DeSoto, Missouri is a small town of some 6,000 people in Jefferson County, Missouri about 30 minutes outside of St. Louis. It’s near Washington State Park and at one time was the town that was closest to the geographical center of the United States. About the only thing the town has going for it now is a Wal-Mart Super Center that sits in the middle of town.
To get to DeSoto, you have to travel down highway 21, a twisty-curvy, poorly maintained road that used to have distinction of being called “Blood Alley” because of all the accidents that happened there. Over the past few years a lot of work has been done to straighten out the highway and make it a little safer to drive on.
I used to know a girl that lived out there back when the highway wasn’t so good, and I can speak from personal experience that going down Highway 21 at 60-miles-per-hour on a dark night is an experience to tell about. It’s not very well marked so here you are just truckin’ along when suddenly a steep curve is there right in front of you.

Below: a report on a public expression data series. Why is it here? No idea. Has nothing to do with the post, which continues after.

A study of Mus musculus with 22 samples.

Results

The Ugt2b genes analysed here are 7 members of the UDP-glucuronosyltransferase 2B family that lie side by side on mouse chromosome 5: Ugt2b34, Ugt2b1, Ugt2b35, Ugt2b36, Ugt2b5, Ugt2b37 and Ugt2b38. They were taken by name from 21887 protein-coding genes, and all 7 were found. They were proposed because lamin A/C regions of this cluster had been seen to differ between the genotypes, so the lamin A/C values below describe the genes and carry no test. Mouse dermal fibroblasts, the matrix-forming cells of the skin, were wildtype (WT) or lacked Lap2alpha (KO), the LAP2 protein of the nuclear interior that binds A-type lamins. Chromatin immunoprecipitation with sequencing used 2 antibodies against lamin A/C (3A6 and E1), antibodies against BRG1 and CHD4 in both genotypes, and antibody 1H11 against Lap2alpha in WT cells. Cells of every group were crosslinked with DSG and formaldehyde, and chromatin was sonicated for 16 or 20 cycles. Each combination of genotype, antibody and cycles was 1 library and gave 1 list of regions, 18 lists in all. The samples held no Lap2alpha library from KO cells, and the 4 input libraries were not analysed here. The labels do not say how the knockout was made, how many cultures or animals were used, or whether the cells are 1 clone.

If you miss the turn then you slam into one of the bluffs that line the road. But I guess that’s better than trying to pass someone and hitting them head on, which also happens a lot. In the spring, bunches of flowers grace the side of the road, placed there in memory of all the people who lost their lives on that road.
So if Johm Mellencamp writes another song about small town America, it’ll probably include DeSoto somewhere in it. Recently DeSoto added another attraction to its list of distinctions. One of the town’s original gas stations has been fully restored to what it looked like many years ago.
The old gas station goes all the way back to the early 1900’s and is one of the oldest buildings in town. It was still an active gas station up until about 10 years ago. The gas station sits at north Main and Mahn in the center of the city. It has the attached service island and the original Texaco star sign.
The owner, Todd Mahn, also owns the Mahn Funeral Home which sits across the street. He originally was going to tear the old building down and replace it with a parking lot for the funeral home, keeping just the historic sign, but his son convinced him to preserve the building as well. It took about two months of hard work for Todd and his family to restore the building to its original condition.
As a matter of fact, the restoration was so authentic that many people drive up to the pumps and try to get gas. But unfortunately, they’ll be out of luck as the pumps ran dry a long time ago.